The Paris Morning Bakery gives a taste of South Korea

In 2020 Danny Cho arrived at the bakery he runs in Miramar to find something unexpected. Hundreds of customers were lined up out front. 

He had advertised a pop-up store for BTS cosmetics and perfume. Named for a top K-pop group, they are more popular and rare in South Florida than anyone knew, he says. 

“We didn’t expect that many people,” Cho adds.

The pop-up is just part of the success of Paris Morning Cafe & Bakery. Supported by the popularity of K-pop, Korean cuisine, and culture, Cho and the bakery’s CEO, John Nam, have opened four bakeries in South Florida and one in Bogota. In addition to hosting pop-ups, the stores sell cakes, bakery goods, rice bowls, bingsoo and boba tea.

“Since K-pop and the culture are becoming popular, those parts contribute to the business,” says Cho.

Cho, now 50 years old,  moved to Florida from South Korea in 1996. He graduated from Kyung Hee University with a degree in hospitality management to pursue a master’s in the same field at Florida International University in 2000. 

In 2014, Cho met the bakery’s CEO, John Nam, at a church they both visited. The pair grew closer during a missionary trip to Managua, Nicaragua.

The two opened their first location on University Drive in Davie that year. They added a place at City Hall Promenade in Miramar in 2019. The idea was to showcase Korea’s diverse and aesthetically pleasing cakes. 

In Korea, cakes are a staple dessert. According to Cho, fathers often bring them to their kids after coming home from work. Cho remembers his father doing this.

The bakery’s most popular item, the red velvet cake decorated as “The Big Apple.” (Cindy Claros/SFMN). 

With the help of pastry chef Ian Seo, the bakery has gathered customers’ interest with matcha and sweet potato cake flavors. One of the most prized sweets is red velvet sponge cake filled with fresh cream. Online reviews say their cakes are “light,” “fluffy,” and “aesthetically pleasing.”

“I’ve seen people at restaurants bring our cake to those restaurants,” says Cho. “It made me appreciate our customers.” 

Mango-flavored boba tea paired with their bulgogi rice bowl and a chocolate croissant. (Cindy Claros/ SFMN)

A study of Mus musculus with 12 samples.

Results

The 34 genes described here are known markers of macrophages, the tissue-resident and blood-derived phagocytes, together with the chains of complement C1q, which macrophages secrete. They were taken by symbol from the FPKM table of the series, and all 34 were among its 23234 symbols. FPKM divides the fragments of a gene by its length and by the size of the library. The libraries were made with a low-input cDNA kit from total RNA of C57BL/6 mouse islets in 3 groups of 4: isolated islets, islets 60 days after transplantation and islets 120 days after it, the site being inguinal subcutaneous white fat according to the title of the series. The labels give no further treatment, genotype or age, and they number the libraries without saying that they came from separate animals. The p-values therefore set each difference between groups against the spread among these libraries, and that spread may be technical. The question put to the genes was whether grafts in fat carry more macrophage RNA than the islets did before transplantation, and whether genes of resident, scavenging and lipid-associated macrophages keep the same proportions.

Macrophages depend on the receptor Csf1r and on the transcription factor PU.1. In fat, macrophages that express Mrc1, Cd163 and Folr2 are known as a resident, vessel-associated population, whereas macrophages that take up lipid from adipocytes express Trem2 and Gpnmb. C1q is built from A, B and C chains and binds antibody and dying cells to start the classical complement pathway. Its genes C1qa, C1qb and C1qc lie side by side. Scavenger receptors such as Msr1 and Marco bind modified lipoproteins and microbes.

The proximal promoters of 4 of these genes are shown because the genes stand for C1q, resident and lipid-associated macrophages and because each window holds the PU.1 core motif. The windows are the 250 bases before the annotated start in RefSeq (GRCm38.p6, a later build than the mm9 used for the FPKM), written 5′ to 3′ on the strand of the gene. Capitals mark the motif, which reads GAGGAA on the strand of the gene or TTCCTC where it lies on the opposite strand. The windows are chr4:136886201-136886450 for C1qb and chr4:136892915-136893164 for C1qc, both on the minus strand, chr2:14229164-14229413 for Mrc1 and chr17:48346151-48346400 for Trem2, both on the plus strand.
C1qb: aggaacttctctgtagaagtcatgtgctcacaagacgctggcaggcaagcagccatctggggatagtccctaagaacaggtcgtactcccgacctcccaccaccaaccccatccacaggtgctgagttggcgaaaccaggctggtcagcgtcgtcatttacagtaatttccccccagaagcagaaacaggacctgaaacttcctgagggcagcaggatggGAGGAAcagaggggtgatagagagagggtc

The cakes sell for around $26 to $36, depending on the size. There are also a few savory Korean items, including traditional Korean-style meat with rice called zipbop, which is popular among Korean students.   

Paris Morning Bakery caters to K-pop fans by giving them cup sleeves decorated with K-pop artists such as BTS on their birthdays. 

“K-pop cup sleeve events boosted our sales,” Cho explained. “[Customers] must buy a drink or bread to get a free cup sleeve with a member’s face on it, [along with] stickers or photocards.”

BTS cutout from their perfume pop-up along with their cosmetic and previous cup sleeve displayed. (Cindy Claros/ SFMN) 

In 2020, the bakery opened its first pop-up store selling the BTS perfume line. The event was a huge PR success as fans lined up starting at 4 a.m. outside the bakery, which opened at 11 a.m.

Mabys Montero, a 21-year-old fan of BTS who attended the event, described it as exciting. She lined up at 7 a.m. 

“It was organized, neatly planned, entertaining and it’s something I would do again,” Montero explains. “I really hope they continue to host events like this.”  

It wasn’t always this way for Paris Morning Cafe.

“Our business went down 50% during the pandemic and shipping cost for containers [that] used to be around $6,000 [went] up to $20,000,” Cho said. “The beginning was hard for us as we went from 150-200 people coming in daily to nobody.”

Cho continued running his cafe and quickly regained his customers.

Opening day at the bakery in Colombia with customers sitting outside and Chef Ian Seo. (Photo courtesy of  Danny Cho)

 In September 2022, he and Nam opened a restaurant in the capital of Colombia, Bogota. K-pop is also a phenomenon  in South America.

“We displayed a signed BTS album at our bakery [in South America], and some people were driving more than one-in-a-half hour to take pictures,” Cho recalls. 

Back in Miramar, Cho hopes to open a Korean restaurant called “Ari Fire Bowl” next to the bakery where he can introduce Korean dishes to South Floridians. 

As the manager of a small business who survived the pandemic and is franchising. Cho has learned alternative strategies are vital.

“How much of a backup plan you have prepared is the key to your business surviving,” Cho says.   

Fatima Belagam is a junior majoring in digital journalism. She is interested in music and film journalism and plans to work as a freelance journalist after graduation.